Open source vulnerabilities have been on the rise in recent years, but 2019 was truly one for the record books with a spike of nearly 50% over the previous year.
According to the recently released State of Open Source Security Vulnerabilities report by the WhiteSource research team, the number of vulnerabilities jumped from 4,100 in 2018 to 6,100 in 2019.
In hopes of better understanding what is behind this rise in the number of open source vulnerabilities, what it tells us about the state of open source usage in modern software development, and even where we are likely headed in the years ahead, let’s take a look at the report’s findings for insights on the current state of open source security.
More Code, More Vulnerabilities
According to the research report, the primary driver behind the rise in open source vulnerabilities is a function of the growth of open source. There are now more open source projects, code and members of the community than ever before.
All of these good folks are working hard to not only write more code, often with the backing of large tech giants, but also to seek out vulnerabilities in the code that can put the users of their components at risk. The combination of more code being written and the number of eyeballs reviewing the code for those inevitable human mistakes, comes together to produce a larger number of vulnerabilities being reported.
The increase in the number of vulnerabilities in open source components will have a considerable impact on software development. In recent years, we have seen open source components playing a bigger role in how developers build their applications. Most estimates believe that open source components comprise between 60-80% of the codebase in most modern applications. When a vulnerability is reported in a popular project such as Apache Struts or the Linux kernel, then huge swaths of developers can quickly find their software in need of patching.
The Good, the Bad and the Bazaar
WhiteSource’s research revealed the reassuring news that over 85% of reported open source security vulnerabilities have a fix available.
One of the reasons for this improvement is the fact that more enterprises are dependent on open source components for their own software, so they are investing in making it more secure, via bug bounty programs, backing foundations that support open source security or backing the projects themselves.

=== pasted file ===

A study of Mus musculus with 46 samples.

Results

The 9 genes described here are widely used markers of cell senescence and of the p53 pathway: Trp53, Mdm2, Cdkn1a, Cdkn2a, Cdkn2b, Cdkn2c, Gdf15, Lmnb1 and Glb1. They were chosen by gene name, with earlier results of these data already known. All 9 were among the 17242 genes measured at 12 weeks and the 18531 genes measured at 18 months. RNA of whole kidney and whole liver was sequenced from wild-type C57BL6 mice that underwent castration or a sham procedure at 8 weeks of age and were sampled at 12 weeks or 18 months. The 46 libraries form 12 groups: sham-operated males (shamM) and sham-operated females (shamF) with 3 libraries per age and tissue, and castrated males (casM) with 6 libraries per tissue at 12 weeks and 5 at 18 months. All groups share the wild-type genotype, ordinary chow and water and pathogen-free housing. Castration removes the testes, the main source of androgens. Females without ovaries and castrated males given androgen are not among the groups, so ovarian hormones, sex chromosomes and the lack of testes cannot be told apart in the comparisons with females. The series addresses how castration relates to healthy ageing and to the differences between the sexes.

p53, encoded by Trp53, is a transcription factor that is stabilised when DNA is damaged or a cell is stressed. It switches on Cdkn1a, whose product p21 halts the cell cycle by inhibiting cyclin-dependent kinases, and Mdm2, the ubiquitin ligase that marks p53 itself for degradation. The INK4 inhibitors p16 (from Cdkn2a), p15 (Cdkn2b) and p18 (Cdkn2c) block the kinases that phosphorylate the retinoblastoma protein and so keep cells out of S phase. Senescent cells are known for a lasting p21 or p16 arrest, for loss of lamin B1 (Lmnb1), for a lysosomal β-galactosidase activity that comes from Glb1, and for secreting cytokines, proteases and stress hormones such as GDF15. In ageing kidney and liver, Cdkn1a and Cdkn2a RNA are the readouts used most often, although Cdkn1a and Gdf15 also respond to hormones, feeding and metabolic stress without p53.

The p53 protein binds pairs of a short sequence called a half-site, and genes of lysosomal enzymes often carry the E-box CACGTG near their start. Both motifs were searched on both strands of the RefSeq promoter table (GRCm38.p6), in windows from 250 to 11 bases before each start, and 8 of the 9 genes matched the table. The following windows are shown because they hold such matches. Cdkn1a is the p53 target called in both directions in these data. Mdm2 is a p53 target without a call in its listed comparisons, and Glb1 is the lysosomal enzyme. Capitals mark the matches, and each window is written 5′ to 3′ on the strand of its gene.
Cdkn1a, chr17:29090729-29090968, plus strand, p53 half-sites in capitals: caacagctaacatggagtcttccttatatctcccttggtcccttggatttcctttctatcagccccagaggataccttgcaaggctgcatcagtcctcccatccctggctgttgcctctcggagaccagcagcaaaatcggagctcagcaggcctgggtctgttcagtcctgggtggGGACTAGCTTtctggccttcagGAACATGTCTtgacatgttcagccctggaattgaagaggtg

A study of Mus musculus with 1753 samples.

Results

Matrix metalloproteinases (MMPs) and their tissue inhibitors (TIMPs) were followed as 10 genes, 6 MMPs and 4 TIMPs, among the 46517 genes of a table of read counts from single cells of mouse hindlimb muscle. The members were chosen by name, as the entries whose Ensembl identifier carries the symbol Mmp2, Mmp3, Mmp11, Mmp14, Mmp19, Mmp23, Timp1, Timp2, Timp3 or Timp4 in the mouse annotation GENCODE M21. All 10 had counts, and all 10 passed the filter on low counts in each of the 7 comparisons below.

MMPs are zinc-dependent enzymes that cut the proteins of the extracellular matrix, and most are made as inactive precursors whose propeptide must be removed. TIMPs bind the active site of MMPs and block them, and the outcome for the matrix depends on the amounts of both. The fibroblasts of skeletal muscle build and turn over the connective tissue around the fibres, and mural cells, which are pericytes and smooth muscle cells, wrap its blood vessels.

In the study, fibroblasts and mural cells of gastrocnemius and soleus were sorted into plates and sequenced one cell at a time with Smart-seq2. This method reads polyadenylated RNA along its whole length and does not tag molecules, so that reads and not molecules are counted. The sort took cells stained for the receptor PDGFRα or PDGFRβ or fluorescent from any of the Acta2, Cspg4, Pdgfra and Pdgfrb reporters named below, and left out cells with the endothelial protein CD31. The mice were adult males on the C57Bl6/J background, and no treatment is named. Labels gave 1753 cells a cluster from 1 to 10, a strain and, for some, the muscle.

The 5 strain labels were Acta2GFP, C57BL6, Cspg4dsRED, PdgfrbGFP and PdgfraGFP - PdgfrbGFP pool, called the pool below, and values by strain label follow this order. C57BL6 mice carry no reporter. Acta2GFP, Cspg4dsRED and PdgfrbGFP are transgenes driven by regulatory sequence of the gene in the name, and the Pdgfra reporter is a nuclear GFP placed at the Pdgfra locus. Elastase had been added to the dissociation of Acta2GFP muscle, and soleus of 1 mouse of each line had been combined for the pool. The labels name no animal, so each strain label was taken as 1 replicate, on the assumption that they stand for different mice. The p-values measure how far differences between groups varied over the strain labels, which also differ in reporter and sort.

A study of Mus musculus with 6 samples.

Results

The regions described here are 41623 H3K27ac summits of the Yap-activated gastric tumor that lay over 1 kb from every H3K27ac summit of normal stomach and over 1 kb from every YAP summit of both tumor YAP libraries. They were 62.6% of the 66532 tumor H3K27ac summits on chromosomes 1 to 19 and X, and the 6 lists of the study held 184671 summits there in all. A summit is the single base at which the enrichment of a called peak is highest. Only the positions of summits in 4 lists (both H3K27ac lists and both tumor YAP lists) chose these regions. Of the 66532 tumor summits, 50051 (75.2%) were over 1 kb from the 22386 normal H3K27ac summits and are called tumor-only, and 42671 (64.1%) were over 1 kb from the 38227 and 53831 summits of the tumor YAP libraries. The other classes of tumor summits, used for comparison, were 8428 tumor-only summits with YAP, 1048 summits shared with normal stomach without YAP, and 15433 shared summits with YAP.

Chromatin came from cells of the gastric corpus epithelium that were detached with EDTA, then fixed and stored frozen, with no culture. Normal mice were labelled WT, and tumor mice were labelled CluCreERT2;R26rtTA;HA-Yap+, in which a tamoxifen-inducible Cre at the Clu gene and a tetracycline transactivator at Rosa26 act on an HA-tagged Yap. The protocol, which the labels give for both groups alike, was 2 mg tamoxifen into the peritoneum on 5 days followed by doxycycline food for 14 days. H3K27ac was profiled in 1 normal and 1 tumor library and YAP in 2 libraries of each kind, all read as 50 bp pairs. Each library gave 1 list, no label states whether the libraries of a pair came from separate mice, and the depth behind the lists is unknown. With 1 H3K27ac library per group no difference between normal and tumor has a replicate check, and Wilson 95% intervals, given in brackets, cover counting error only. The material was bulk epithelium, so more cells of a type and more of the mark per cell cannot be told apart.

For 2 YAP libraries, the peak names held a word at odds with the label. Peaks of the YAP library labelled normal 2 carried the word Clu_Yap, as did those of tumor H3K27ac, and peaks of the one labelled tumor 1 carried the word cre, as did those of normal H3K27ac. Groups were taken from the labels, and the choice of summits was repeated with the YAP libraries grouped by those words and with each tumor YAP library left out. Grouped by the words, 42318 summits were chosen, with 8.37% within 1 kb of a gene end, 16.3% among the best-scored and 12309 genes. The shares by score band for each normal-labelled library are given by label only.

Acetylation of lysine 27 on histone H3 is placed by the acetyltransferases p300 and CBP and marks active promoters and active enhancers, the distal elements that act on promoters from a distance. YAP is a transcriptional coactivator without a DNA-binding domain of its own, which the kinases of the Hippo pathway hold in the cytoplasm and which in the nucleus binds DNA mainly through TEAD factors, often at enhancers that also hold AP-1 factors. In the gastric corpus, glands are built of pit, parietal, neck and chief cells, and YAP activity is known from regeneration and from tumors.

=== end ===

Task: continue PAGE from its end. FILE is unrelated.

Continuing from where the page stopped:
However, even as the situation in the field appears to be improving, there is still a way to go.
The fact that many published open source vulnerabilities are not indexed in one central location adds complexity to this challenge for development teams attempting to stay on top of published open source security vulnerabilities. If proprietary software is still considered to be the classical Cathedral, well-organized information and support under one roof, then open source is very much the Bazaar.
The WhiteSource report found that only 84% of known open source vulnerabilities appear in the National Vulnerability Database (NVD). This means that information about another 16% of the known vulnerabilities is out there, spread out among a wide range of resources. These might be security advisories, bug trackers and a laundry list of other locations. While 45% of reported open source vulnerabilities that were not initially published on the NVD eventually end up there, that could take months since their publication on other resources.
The challenge for organizations is that they run the risk of using a vulnerable component unaware of the security updates, while hackers are scouring all resources, looking for vulnerabilities that could be their next meal ticket.
Given the evolving security challenges facing organizations, what does the future hold for open source security in the year ahead?
Our Predictions for 2020
The easiest prediction that we can provide is that 2020 will have even more reported open source vulnerabilities than were published in 2019. The only question is: How big it will be? Chances are that the count will be more significant due to recent advances making it easier than ever to report and an open source vulnerability.
This past year saw the launch of GitHub Security Lab which aims to help researchers, maintainers and users easily report an open source vulnerability and publish a verified fix in one centralized location. By simplifying the reporting and documentation process, GitHub has gone a long way in helping their users to protect their software with better quality reporting.
For many, the rise in the number of reported open source vulnerabilities might be concerning, making us confront the fact that we probably have plenty of them in our software right now. However, the situation is actually improving, and even heading in the right direction. When vulnerable open source components are reported, we get to track them and move quickly to remediate. Only once you know you have a problem can you begin to fix it.
Hopefully, the increase in security awareness will keep pushing for a stronger, more organized and better supported open source community that will be resilient in the face of even more vulnerabilities that are likely to show up in next year’s research report.